Wagner's Tristan is one of the most revolutionary works in Western classical music. Its famous beggining chord marked the beginning of the end for traditional tonality, and it influenced later musicians like Mahler, Strauss or Schönberg. Here we could hear similarities with works like Transfigured Night, Elektra, Salome, Das Lied von Erde or Gurrelieder. The music and drama raise the spectator to the feelings of the trascendental love of this couple, who is beyond their society, beyond day and night, beyond life and death. Wagner's love to Mathilde Wesendonck and Schopenhauer's works would inspire this masterpiece, the height of his work alongside The Ring and Parsifal.
Under the baton of David Afkham, the Spanish National Orchestra is reaching a state of grace since he assumed its direction: in 2016 it conducted an acclaimed Holländer and last year a magical Gurrelieder. Last night, his conducting made the orchestra sound in such a beautiful, passionate, powerful level which resulted in an unforgettable opera evening. In the Prelude (which he had to restart after an irritating mobile phone sounded after the first chord) he gave a symphonic, romantic and powerful rendition. The strings' sound were brilliant, with a marvellous concertino. Percussion sounded overwhelmingly, as well as metals, and the woodwind section was sensual, melancholic: the English Horn, played offstage, was accomplished in his solo at the beginning of Act 3, conveying the elegiac pathos of its part. Moments like the end of Act 1, the Love duet or the Tristan agony were really electrifying. In the Liebestod, the orchestra was very moving, reaching at the end a transfigurating sound.
Petra Lang, the Bayreuth Isolde in the last three years, made her Madrid debut in this performance. She is undoubtedly a great artist, and her voice, from her days as mezzo, has a beautiful middle register but she has trouble in the high one. However, Isolde is a diffcult task for many singers, and few of them succeed in all this role's fronts. Her high notes sometimes have a bit umpleasant vibrato, and the first High C in the encounter with Tristan in act 2 was sort of screamed. On the other hand, her low register is very interesting. In the first act she could give an interesting rendition, always duo to her acting skills: convincing in the role's feelings, from angry and heartbroken to seductive, completely in love at the end, with eloquent smiles. In Act 2 she was correct, despite being sometimes surpassed by the orchestra, but in Act 3 she was plain in her first aria Ha,ich bin's. In the Liebestod she could regain some solemnity and nice singing, moving the audience anyway.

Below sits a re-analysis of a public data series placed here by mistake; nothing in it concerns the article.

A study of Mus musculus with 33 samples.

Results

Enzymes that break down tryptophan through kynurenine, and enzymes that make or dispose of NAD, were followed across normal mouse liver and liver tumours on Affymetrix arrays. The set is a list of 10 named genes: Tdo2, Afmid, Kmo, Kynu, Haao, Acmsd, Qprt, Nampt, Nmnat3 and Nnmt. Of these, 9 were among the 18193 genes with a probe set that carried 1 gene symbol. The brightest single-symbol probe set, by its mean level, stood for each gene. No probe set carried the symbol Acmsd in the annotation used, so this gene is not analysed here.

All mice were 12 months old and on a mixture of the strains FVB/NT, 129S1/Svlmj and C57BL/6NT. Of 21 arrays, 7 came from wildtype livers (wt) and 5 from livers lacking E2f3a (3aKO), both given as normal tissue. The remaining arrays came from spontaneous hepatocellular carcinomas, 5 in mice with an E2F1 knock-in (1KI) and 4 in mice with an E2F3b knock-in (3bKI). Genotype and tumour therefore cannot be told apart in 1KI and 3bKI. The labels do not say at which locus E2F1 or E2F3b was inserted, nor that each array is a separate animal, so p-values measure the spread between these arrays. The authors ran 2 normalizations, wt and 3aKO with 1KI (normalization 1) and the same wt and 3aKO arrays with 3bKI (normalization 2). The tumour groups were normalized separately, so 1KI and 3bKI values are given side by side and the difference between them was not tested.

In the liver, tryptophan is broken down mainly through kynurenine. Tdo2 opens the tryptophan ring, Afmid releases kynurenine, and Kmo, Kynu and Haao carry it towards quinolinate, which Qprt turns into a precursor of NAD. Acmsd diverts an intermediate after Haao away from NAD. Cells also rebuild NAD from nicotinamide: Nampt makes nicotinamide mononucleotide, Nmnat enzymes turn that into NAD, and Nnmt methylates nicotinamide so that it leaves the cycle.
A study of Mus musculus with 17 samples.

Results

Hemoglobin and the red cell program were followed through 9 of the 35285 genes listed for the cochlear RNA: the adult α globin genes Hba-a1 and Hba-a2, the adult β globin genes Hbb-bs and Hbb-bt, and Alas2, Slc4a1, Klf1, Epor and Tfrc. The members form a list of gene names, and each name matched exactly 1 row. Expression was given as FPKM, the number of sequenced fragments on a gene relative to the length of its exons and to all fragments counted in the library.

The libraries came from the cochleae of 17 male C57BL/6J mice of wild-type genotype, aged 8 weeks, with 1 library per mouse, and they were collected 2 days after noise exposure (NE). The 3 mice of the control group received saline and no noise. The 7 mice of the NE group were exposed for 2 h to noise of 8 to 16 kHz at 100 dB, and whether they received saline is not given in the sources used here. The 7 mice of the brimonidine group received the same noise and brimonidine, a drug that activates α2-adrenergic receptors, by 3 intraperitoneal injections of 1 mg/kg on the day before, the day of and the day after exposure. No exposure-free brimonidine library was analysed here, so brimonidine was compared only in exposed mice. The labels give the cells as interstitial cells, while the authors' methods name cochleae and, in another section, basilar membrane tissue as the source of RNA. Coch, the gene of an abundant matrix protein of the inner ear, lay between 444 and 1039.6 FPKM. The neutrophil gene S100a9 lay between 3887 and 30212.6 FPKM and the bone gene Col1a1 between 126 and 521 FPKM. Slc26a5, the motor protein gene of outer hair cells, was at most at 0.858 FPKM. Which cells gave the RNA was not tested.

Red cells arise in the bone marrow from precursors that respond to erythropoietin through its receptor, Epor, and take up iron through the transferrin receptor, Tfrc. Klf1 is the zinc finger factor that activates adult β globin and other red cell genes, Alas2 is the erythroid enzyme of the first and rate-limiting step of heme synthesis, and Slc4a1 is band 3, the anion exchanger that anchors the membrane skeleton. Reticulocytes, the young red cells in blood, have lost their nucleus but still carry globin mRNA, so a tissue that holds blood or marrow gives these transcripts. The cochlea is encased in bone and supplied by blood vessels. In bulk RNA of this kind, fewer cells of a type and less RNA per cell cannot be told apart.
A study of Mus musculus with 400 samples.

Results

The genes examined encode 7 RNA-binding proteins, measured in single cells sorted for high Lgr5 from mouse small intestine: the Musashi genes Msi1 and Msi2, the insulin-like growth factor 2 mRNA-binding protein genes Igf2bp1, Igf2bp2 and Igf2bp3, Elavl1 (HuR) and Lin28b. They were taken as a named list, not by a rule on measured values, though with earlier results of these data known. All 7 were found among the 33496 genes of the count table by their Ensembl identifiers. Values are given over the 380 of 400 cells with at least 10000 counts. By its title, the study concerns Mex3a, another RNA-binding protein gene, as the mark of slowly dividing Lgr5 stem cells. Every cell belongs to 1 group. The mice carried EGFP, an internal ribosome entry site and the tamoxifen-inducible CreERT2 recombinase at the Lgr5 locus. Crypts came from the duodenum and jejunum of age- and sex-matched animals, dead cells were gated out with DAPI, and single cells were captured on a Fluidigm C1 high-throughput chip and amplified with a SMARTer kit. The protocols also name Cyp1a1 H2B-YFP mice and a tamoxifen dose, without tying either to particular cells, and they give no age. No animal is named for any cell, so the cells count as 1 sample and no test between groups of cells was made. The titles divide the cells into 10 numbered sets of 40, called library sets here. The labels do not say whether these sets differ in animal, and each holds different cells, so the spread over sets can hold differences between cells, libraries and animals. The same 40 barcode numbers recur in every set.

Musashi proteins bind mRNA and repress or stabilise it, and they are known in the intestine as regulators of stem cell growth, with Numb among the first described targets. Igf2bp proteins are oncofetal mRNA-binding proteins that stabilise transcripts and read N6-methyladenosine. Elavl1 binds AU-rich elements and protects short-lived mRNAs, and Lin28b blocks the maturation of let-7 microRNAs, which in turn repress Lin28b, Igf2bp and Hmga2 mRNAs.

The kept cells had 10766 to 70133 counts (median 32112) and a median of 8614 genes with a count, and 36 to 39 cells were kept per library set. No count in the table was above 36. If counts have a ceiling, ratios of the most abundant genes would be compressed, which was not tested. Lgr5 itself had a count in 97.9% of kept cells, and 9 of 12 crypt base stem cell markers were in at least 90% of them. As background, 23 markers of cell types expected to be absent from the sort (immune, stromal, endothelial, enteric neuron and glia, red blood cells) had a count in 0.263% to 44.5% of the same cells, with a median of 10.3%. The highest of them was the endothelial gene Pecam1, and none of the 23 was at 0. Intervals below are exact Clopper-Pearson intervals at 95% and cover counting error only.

Frank van Aken was an interesting Tristan who could cope with the merciless dificulty of the score. He started with some reserve in the first act, but from the second act he showed good singing, despite some difficult notes. However, in Act 3 he surprised the audience with a powerful, heroic voice, resisting the severities of the role in this part and not sounding bad, which is quite a merit for most tenors today who cannot resist this act. He definitely overtook the expectations here.
Violeta Urmana was definitely the star of the cast. In 2014 she sang Isolde in the Teatro Real performances; and now she is back to the mezzosoprano range, singing an splendid Brangäne. Her voice was powerful, with a beautiful and seductive singing and never surpassed by the orchestra. Her warning in Act 2 was exquisitely sung, with beautiful piano high notes in her final Habet acht! As a result, she was largely ovationed at the end.
Brindley Sherratt was a great Marke, with his big, powerful voice over the orchestra, despite some gutural high notes in the Monologue, but he impressed the audience and was warmly applauded at the end. Boaz Daniel was a good Kurwenal. Roman Sadnik has a tenor big voice and he sang well his part as Melot. Roger Padullés was one of the big surprises of the evening: his light tenor voice made him singing a beautiful, lyrical Young Sailor at the beginning of the opera and also a melancholic Shepherd in the third act. Ángel Rodríguez Torres had an interesting baritone voice as the Steersman.
The Spanish theatre director Pedro Chamizo was the responsible of giving some sense of staging to the concert, with a blue lighting for the first act, violet for the second (and putting candles through the chorus zone) and red for the third one during Tristan's agony. At the end, all lights were turned off just to focus Isolde and the orchestra as the Liebestod ends, reinforcing the emotions.
Again, the magic of Tristan enraptured the Madrid audience, after five years. An accomplished orchestra and a good cast made Wagner's music to be felt in all its revolutionary and powerful strength in a perfomance which will be remembered.